The referendum on the eighth amendment will take place in Ireland on Friday, May 25. Tell us how you are voting and why.
This Friday, May 25, 2018, will be the day when the people of Ireland vote on whether to make Ireland's abortion laws - which are currently some of the most restrictive in the world - more liberal.
Currently, the Eighth Amendment to the Constitution of Ireland, ratified in 1983, gives mothers and unborn equal rights to life. On May 25, 2018, the Irish public will have the chance to vote to allow the Irish Parliament (Dáil Éireann) to put forth new abortion legislation.
While abortion is supposed to be allowed in Ireland if the life of the mother is at risk, it is illegal apart from this, even in the cases of rape, incest, or a fatal fetal abnormality. Despite this, it is estimated that as many as 12 Irish women a day travel abroad for an abortion or illegally purchase abortion pills.
Let us know how you will vote on Friday here. If you are undecided, the information below the poll outlines some of the main issues. Results wil be published on IrishCentral on Friday:
May 25 will mark the first time the Irish people will have voiced their opinions on the issue of abortion since 1983. There were unsuccessful referendums in 1992 and in 2002 which would have overturned this decision and removed the risk of suicide as a ground for an abortion, with regard to the famous "X Case", when a 13-year-old girl was denied abortion after she was raped.
What is the Eighth Amendment to the Irish Constitution?
Abortion is illegal in Ireland and only allowed if it is shown that the life of the mother is at risk, including at the risk of suicide. The eighth amendment gives Ireland some of the most restrictive abortion laws in Europe, voted in at a time when even contraception was illegal. A woman convicted of having an illegal termination faces a 14-years imprisonment.
A 1983 referendum added the eighth amendment to the constitution setting the rights of the unborn child as having equal weight as that of the mother. It was only the high-profile case of Savita Halappanavar that led to the introduction of the "Protection of Life During Pregnancy Act," which allowed for a mother’s right to an abortion when her own life was at risk.
Halappanavar died of complications in 2012 after she was denied an abortion, despite knowing her unborn baby would not survive outside of the womb.
Yet despite this act, in 2017 a young Irish girl, reported to be as young as 14 years old, was admitted into a mental health unit for seeking an abortion even though it was decided that her life was at risk.
Are Irish women still having abortions?
Yes, the lack of access to safe abortions in Ireland is causing Irish women to travel abroad or look online for ways to terminate a pregnancy. An estimated average claims that 12 women a day travel to another country from Ireland for an abortion or illegally purchase an abortion pill online.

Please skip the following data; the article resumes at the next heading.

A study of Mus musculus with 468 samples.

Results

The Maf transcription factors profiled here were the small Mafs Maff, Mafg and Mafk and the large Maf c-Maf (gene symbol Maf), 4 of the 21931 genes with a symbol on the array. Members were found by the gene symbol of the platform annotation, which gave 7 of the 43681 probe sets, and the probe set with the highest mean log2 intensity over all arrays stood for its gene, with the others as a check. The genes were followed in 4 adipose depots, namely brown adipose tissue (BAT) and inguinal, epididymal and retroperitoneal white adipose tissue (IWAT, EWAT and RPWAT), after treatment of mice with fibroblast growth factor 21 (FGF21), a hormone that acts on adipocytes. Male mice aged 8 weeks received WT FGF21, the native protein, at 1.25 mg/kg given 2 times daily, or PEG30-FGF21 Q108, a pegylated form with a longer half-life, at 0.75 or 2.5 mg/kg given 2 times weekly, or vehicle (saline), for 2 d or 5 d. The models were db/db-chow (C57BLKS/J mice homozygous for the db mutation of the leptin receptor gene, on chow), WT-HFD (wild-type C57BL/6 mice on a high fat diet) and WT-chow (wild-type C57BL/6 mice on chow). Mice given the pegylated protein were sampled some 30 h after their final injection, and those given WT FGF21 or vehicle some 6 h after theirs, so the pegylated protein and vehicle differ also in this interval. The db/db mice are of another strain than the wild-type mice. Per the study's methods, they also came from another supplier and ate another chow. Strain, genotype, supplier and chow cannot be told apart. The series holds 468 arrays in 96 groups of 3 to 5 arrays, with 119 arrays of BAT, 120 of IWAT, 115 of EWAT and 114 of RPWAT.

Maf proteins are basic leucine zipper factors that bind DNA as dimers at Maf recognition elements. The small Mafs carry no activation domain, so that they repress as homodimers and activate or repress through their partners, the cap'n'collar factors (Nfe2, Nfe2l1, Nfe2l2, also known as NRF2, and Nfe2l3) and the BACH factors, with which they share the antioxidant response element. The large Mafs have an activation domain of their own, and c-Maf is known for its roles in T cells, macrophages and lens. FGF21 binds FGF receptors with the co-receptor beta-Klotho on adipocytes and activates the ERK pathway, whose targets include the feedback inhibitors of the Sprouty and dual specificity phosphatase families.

Just because abortion is illegal in Ireland is not to say that Irish citizens are not availing of them by other means, added an extra ferocity for the calls to repeal the eighth and provide a safe and legal alternative for Irish women and families within their own country's borders.
In fact, a Red C poll taken in 2016 showed that 68% of Irish people agreed that that Ireland’s abortion ban does not stop most women who want an abortion from having one while 65% agreed that the law as it currently stands makes women have unsafe abortions.
Will this mean that abortion will be completely legal in Ireland?
This vote is set to ask whether the amendment should be repealed from the Constitution.
While some pro-life groups in Ireland are claiming that the repeal movement hope for abortion to be used as a means of contraception or that the pro-choice movement even promotes the use of abortion based on the gender of the unborn, the argument to repeal the eighth is based on the idea that a woman should not be criminalized for seeking an abortion.
The UN Human Rights Committee have already decreed twice that the law as it stands goes against human rights and have urged the Irish government to extend the extent to which women in the country are provided with access to safe and legal abortions.
Addressing the case of Siobhán Whelan who was forced to travel to England for an abortion in 2010, despite a foetal abnormality that meant her baby had only a three percent chance of surviving outside of the womb, the committee declared that the Irish state had violated the International Covenant on Civil and Political Rights’ prohibition against cruel, inhuman and discriminatory treatment. It also decided that Whelan had not been granted to proper rights to privacy and equality.
In a similar case in 2016, the UN ruled that Amanda Mellet should be compensated by the Irish state for being forced to travel to the UK for an abortion.
You can find more information on the referendum here.
Let us know the reasons behind your vote in the comments section, below. Results of the IrishCentral poll will be published on Friday, May 25.